How I waged war on a briar patch without a drop of spray. And won

Spend it Better: Regenerative farming can help on a small and a mass scale

We know that healthy soil means healthy carbon sequestration, and hugely healthy food. Photograph: Getty

We know that healthy soil means healthy carbon sequestration, and hugely healthy food. Photograph: Getty

 

They speak of it still, the Great Briar Battle of Ballyhaunis. Well okay, no-one speaks of it but I think of it a lot. Particularly when I pass the herbicide display in Woodies, or see the familiar dry-weather sight of a man with a backpack nuking buttercups. Last Autumn I joined a meitheal militia on Wild Acre Farm in Co Mayo: four women, one man, two of us down from Dublin on the train, to help farmer Claire Templar wage war on a briar patch without the standard slash and spray. 

We spent several hours pulling whip lengths of briar from their ground crowns to “chop and drop” them with secateurs. The strimmer was used but then stopped because we couldn’t hear ourselves. Chats are a key component of a great meitheal.

It was tiring but deeply satisfying. Templar covered everything with a tarp over the winter. By April the darkness had eliminated everything she didn’t want and fed everything she did. Grass, weeds and chopped up briars had been munched into the soil. She aerated the ground with a fork, dug out the last of the briar crowns, and added lime and some layers of cardboard topped with mushroom compost. Where there were briars, now there are vegetables.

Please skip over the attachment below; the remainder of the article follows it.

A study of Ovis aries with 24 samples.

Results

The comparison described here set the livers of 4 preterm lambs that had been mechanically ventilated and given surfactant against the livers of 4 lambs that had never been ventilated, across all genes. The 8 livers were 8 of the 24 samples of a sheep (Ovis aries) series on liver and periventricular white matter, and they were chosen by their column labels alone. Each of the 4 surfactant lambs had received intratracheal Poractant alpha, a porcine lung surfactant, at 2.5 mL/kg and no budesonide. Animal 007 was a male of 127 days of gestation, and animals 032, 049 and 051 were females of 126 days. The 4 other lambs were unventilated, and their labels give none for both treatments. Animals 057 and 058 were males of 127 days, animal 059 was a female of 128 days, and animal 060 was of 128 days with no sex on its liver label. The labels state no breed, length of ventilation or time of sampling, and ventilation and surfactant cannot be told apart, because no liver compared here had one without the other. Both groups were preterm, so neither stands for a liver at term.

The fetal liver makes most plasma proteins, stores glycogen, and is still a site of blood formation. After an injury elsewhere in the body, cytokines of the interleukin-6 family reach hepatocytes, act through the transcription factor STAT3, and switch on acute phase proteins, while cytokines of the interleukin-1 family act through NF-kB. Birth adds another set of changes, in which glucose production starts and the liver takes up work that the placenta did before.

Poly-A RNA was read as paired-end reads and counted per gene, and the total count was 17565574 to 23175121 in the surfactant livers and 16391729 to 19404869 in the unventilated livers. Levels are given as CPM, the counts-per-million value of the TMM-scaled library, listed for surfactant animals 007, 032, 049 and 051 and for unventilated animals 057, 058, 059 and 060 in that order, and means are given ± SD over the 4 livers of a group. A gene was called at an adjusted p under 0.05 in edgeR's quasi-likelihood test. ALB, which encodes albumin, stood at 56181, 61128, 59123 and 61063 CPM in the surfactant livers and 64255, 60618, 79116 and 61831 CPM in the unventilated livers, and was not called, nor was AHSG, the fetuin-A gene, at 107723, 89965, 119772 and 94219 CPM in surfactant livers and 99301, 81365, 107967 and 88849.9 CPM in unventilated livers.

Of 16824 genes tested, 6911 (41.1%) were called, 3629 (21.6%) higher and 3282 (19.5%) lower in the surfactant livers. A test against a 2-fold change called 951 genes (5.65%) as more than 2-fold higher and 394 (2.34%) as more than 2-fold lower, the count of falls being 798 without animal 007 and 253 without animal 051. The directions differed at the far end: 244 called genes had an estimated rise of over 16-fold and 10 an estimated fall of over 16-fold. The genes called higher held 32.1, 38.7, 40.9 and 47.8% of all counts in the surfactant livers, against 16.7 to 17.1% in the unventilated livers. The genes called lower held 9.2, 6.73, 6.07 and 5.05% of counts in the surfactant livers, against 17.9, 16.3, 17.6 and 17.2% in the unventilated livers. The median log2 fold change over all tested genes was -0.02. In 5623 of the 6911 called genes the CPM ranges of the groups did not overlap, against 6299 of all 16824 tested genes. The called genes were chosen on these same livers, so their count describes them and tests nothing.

She’s one of a new generation of regenerative farmers. Using permaculture methods, recycling waste materials, a secondhand polytunnel and as much man and woman power as she can muster she has turned small, marginal north-facing fields into healthy land that can feed her community. 

Much farming can involve sitting metres above soil in a tractor weighing several tonnes and crushing everything. Regenerative agriculture starts with the soil, knowing it, looking at the life in it, how it holds together, smells and even sounds (gritty or clay-ey). Regenerative farmers are a worldwide community of experimenters, many of them first generation farmers. There’s a delightful rabbit hole of YouTube videos about their discoveries and successes. 

How do we support them? By buying food from their farms. Claire sells plants and food through her website, wildacrefarm.ie. There’s Kate Egan at anghrianglasfarm.com, Clive Bright’s beef and lamb farm at rareruminare.com and any of the meat and dairy products featured in the hero list at farmingfornature.ie

The high priests of agribusiness say “this is niche” but this is the future. US organic dairy label Horizon Organics is promising a carbon-positive dairy product by 2025, based on some offsets but mainly on regenerative farming practices. We know now that healthy soil means healthy carbon sequestration, and hugely healthy food. Eating well can fix the problem on a small scale with inspiring individuals or on a mass scale when consumers understand that industrial food production is a war we’re waging on ourselves.